Suit challenges Michigan's Medicaid work requirements

Craig Mauger
The Detroit News

Lansing — A new lawsuit challenges Michigan's upcoming work requirements for Medicaid recipients, and the insurance of thousands of people could hang in the balance.

On Friday, four Michigan residents filed a federal complaint against Alex Azar, secretary of the U.S. Department of Health and Human Services, the department itself and Seema Verma, the administrator of the Centers for Medicare and Medicaid Services.

The lawsuit alleges that members of President Donald Trump's administration acted outside their administrative authority when they approved a set of conditions on beneficiaries of Michigan's Medicaid expansion program.

Former Gov. Rick Snyder promotes the Healthy Michigan program at Oakwood Hospital in Dearborn in 2013.

The Affordable Care Act, enacted under former President Barack Obama, made the program possible. 

"The defendants’ actions ... seek to undermine the ACA, including its expansion of Medicaid, and represent a fundamental alteration to those statutes," the lawsuit alleges.

Michigan's Medicaid expansion program, known as the Healthy Michigan Plan, has about 656,000 beneficiaries.

Michigan lawmakers and Gov. Rick Snyder approved the program in 2013, extending Medicaid coverage to those with incomes at or below 133% of the federal poverty level, which is about $33,000 for a family of four.

In June 2018, the Michigan Legislature approved work requirements for individuals enrolled in the Healthy Michigan Plan. The law requires able-bodied adults participating in the program to work 80 hours a month, get job training or pursue formal education to keep their health coverage.

In December 2018, the federal Centers for Medicare and Medicaid Services approved an extension of Michigan's program, with the addition of the work requirements. 

The Michigan Chamber of Commerce had urged lawmakers to make changes in the "out of control" Medicaid expansion, noting the program's unexpected explosion in recipients.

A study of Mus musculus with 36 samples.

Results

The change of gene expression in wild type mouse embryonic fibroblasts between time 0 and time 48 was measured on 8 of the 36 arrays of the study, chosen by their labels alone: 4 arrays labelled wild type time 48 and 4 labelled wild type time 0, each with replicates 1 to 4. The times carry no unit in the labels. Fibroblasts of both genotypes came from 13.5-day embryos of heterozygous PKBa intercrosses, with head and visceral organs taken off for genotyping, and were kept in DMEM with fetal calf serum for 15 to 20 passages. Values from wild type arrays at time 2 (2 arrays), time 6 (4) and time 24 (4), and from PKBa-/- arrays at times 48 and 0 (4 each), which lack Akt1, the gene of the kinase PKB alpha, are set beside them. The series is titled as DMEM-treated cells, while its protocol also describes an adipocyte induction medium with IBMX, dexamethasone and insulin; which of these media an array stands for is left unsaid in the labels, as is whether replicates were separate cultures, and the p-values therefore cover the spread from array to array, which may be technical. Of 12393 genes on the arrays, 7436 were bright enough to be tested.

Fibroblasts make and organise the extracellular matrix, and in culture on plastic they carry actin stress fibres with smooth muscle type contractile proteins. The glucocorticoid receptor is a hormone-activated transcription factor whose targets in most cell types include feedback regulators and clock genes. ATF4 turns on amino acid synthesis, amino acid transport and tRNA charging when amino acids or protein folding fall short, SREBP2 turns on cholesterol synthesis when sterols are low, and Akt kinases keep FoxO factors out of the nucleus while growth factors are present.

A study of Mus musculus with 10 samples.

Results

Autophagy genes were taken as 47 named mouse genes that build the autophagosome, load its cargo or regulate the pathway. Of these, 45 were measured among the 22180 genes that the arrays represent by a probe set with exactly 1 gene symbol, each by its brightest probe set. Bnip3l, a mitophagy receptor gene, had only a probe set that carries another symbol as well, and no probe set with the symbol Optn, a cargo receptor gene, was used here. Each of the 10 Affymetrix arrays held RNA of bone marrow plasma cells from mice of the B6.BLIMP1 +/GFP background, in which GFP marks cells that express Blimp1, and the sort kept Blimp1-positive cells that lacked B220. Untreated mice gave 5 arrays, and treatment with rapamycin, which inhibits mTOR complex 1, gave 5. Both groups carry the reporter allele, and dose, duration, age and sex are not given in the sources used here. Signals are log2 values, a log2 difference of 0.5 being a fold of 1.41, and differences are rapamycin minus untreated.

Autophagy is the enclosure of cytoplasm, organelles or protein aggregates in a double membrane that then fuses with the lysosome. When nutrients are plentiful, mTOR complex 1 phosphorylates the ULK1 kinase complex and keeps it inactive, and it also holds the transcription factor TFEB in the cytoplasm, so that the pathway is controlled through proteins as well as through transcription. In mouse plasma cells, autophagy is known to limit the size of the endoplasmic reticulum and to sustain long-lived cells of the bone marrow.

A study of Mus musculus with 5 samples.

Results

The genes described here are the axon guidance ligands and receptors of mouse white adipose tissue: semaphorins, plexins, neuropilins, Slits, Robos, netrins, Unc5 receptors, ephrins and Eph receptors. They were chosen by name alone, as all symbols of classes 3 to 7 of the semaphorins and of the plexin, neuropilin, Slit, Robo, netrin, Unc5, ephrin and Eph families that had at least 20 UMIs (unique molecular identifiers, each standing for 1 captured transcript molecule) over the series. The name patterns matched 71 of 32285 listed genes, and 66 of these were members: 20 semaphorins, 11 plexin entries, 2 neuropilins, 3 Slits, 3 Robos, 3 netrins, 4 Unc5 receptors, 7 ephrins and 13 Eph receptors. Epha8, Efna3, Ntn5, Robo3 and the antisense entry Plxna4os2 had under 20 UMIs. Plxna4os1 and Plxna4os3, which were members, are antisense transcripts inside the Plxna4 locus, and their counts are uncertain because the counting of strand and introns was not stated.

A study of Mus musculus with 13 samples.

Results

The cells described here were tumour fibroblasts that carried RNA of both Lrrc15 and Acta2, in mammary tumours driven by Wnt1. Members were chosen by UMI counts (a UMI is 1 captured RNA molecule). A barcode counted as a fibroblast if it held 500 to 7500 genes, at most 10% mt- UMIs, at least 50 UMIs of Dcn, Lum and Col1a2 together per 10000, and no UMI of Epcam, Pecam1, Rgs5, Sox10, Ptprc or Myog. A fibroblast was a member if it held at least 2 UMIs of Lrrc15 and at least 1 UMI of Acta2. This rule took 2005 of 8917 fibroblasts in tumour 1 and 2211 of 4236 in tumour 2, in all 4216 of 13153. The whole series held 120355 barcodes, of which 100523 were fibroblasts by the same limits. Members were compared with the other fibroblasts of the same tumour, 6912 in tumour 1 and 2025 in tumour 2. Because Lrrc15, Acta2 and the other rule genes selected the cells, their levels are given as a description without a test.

A policy in the original state law required the Medicaid expansion insurance program to end if the state’s spending exceeds the program’s savings. Snyder said last year when he signed the work requirement law that it would ensure the continued operation of Healthy Michigan, one of his signature achievements. 

Senate Majority Leader Mike Shirkey, R-Clarklake, previously said the work requirements would improve the lives of Healthy Michigan Plan recipients while keeping the program sustainable as federal subsidies decline.

The website for the state's Healthy Michigan Plan warns people of upcoming changes to the program. The changes are new work requirements for some participants.

The implementation of the work requirements is set to begin Jan. 1.

Robert Gordon, director of the Michigan Department of Health and Human Services, has predicted that more than 100,000 people could lose their coverage because of the requirements. In Arkansas, about two-thirds of the people who had to regularly report on their work to comply with that state’s requirements lost coverage, Gordon noted in a past interview.

Before the Michigan-focused lawsuit on Friday, there had already been legal challenges against similar policies in Arkansas, Indiana, Kentucky and New Hampshire.

The plaintiffs in the Michigan case are represented by the Center for Civil Justice, the Michigan Poverty Law Program and the National Health Law Program. The plaintiffs face health problems and other obstacles in meeting the state's work requirements, according to the lawsuit.

One of the plaintiffs is Jamie Arden, 42, of Flushing. According to the lawsuit, Arden is homeless after fleeing her boyfriend's house because of domestic violence. She's a mother of two and a social worker.

Although Arden is contracted to work 40 hours per week, "she only works and is paid when she has appointments scheduled and her clients show up for their appointments," the lawsuit says. 

"The uncertainty about whether she will have to comply with the work requirements is causing her anxiety," the lawsuit says. "She is concerned that she will not always be able to complete 20 hours per week, depending on her caseload at work."

The state has estimated that approximately 400,000 of Michigan's Healthy Michigan enrollees would be subject to the eligibility conditions.

Under Michigan's program, disabled residents, pregnant women, full-time students, children and one parent in a household with a child under the age of 6 are exempt from the work requirements.